Dedmans Buy The Pit Golf Links
A decade ago, the owner of Pinehurst Resort delayed development of a planned new golf village in Aberdeen, citing economic uncertainty in the wake of the 9/11 terrorist attacks.
On Monday, the Dedman family purchased The Pit Golf Links for an undisclosed price, fueling speculation that the village concept could be revived.
But Bob Dedman Jr. said there were no immediate plans for the property, which now consists of 925 contiguous acres off N.C. 5.
“Over the next several weeks we plan to evaluate the golf course, clubhouse and other facilities,” Dedman said in a statement. “Right now, we’re focused on reopening Pinehurst No. 2. Once that is behind us, we’ll determine the next steps.”
The resort hired Golf course design partners Bill Coore and Ben Crenshaw to restore No. 2 to its original state as intended by architect Donald Ross. With the resort scheduled to host both the U.S. Open and Women’s Open in 2014, their work began last March. The course was closed on Nov. 16 and is scheduled to reopen March 4.
The golf village envisioned a decade ago included two new golf courses, a Golf Institute, a 102-room hotel, a lodge and clubhouse with 20 rooms and a mixed-use section consisting of commercial and residential development in a “village center.”
All of that — at a cost of more than $100 million — was originally planned to open in the fall of 2003. The town of Aberdeen even made plans to extend water and sewer lines to the project but did not spend any funds.
The delay was termed “temporary” at the time, but a revised timeline for construction never materialized because the golf industry has been hit hard since then by economic conditions.
ClubCorp, then owned by the Dedman family, bought Pinehurst Resort in 1984, and has spent more than $100 million since then to preserve and enhance its rich history and tradition. The family sold ClubCorp in 2006, but retained ownership of Pinehurst Resort.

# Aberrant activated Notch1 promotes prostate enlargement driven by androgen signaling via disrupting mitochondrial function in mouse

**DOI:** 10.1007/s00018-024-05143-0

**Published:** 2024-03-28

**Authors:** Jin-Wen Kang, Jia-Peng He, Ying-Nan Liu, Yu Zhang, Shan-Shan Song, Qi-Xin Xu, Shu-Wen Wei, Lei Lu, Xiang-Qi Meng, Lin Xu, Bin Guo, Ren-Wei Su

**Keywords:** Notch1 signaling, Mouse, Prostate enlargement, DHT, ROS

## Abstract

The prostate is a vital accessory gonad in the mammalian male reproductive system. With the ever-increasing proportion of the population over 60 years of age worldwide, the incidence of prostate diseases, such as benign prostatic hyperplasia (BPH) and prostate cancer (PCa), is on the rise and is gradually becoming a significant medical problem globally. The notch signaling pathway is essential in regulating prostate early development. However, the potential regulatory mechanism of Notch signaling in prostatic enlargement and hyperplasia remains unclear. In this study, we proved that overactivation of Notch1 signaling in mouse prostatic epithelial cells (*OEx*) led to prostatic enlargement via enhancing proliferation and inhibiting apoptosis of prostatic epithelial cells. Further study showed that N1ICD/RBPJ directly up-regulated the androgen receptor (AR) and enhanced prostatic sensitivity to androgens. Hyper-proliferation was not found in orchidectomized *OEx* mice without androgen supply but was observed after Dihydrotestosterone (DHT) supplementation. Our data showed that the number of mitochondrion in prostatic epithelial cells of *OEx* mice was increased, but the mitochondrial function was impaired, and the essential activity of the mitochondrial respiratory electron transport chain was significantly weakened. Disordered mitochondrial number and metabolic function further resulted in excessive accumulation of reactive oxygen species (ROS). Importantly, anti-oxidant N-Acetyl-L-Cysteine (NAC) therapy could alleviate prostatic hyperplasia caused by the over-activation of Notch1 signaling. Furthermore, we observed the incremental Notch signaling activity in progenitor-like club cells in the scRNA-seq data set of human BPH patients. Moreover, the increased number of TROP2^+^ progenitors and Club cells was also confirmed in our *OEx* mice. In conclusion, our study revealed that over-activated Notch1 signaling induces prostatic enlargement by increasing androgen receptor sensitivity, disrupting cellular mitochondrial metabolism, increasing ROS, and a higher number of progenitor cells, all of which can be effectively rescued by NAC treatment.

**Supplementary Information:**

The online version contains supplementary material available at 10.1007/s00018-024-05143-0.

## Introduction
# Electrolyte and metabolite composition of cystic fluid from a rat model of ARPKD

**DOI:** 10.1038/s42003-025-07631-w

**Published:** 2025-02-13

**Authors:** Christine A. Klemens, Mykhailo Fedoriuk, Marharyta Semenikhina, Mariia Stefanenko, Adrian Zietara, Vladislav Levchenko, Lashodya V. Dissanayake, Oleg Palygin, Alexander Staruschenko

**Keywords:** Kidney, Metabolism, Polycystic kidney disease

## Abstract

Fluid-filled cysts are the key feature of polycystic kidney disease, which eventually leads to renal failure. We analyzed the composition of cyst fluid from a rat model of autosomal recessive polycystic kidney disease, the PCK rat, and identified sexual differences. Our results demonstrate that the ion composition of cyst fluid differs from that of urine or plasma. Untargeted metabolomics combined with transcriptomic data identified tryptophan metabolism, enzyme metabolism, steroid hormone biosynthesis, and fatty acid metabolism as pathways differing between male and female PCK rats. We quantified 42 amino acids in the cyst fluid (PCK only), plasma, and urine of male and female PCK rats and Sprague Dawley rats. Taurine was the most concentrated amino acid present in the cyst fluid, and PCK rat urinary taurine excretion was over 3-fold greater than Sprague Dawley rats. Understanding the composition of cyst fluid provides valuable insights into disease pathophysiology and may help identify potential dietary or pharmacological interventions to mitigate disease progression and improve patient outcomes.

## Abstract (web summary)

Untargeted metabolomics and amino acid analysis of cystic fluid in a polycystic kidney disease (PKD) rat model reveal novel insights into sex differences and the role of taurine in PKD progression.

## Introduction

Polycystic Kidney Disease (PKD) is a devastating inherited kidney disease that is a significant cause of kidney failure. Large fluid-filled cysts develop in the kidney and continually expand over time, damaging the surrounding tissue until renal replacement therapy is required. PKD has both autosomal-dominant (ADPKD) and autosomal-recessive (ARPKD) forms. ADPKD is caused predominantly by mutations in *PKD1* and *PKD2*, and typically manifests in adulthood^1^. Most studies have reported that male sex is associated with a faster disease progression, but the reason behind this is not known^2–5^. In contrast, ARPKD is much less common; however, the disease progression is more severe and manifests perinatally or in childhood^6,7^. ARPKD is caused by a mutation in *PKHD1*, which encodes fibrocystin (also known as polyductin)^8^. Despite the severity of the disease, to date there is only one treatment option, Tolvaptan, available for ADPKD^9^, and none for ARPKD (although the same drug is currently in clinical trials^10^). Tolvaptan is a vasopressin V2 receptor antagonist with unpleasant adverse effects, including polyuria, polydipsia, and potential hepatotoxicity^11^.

“Our greatest competitive advantage,” Dedman has said in the past.
Although the purchase price for The Pit was not disclosed, Charlotte businessman Austin Adams paid $1.08 million for the golf course during a recent foreclosure sale. Adams then sold the property to the Dedmans in a transaction that closed Monday.
“The property truly complements our existing holdings in the area,” Dedman said.
The vacation villas that line the seventh hole were not part of the deal.
It remains to be seen how the golf course will be used in the future. Questions include: Will it be open to members only, resort guests only, or both? Will membership include non-Pinehurst residents since the course is located in Aberdeen? Will its name change? Will it be used for corporate hospitality during the Opens?
“We haven’t looked at it long enough or deeply enough to determine our next steps,” said Tom Pashley, the resort’s executive vice president in charge of sales and marketing, on Tuesday. “We’ve got to first figure out what the status of the course is. How ready is it? We’ve also got to look at the entire property and its facilities before proceeding.”
The golf course has been closed for several months. Its former owner, Partners in the Pits, defaulted last year on a loan with Carolina Bank.
Dan Maples, a Pinehurst native who designed the course and was guarantor on the loan on behalf of the partnership, did not return telephone calls from The Pilot.
Maples also designed the course at Longleaf Golf and Country Club in Southern Pines. Before launching Dan Maples Design Inc. in 1984, he worked with his father, Ellis, on the design of the Dogwood Course at the Country Club of North Carolina in Pinehurst.
“When you are building a golf course, you have to please three different groups of people: pros, superintendents and owners,” Maples says on The Pit website. “Having experience as all three gives me an edge because I know what each is looking for.”
The Pit opened in 1985 after being sculpted out of a reclaimed sand quarry. The sand was mixed with some of the concrete that eventually became the Blue Ridge Parkway. The quarry closed in 1935.
Contact Ted Natt at email@example.com.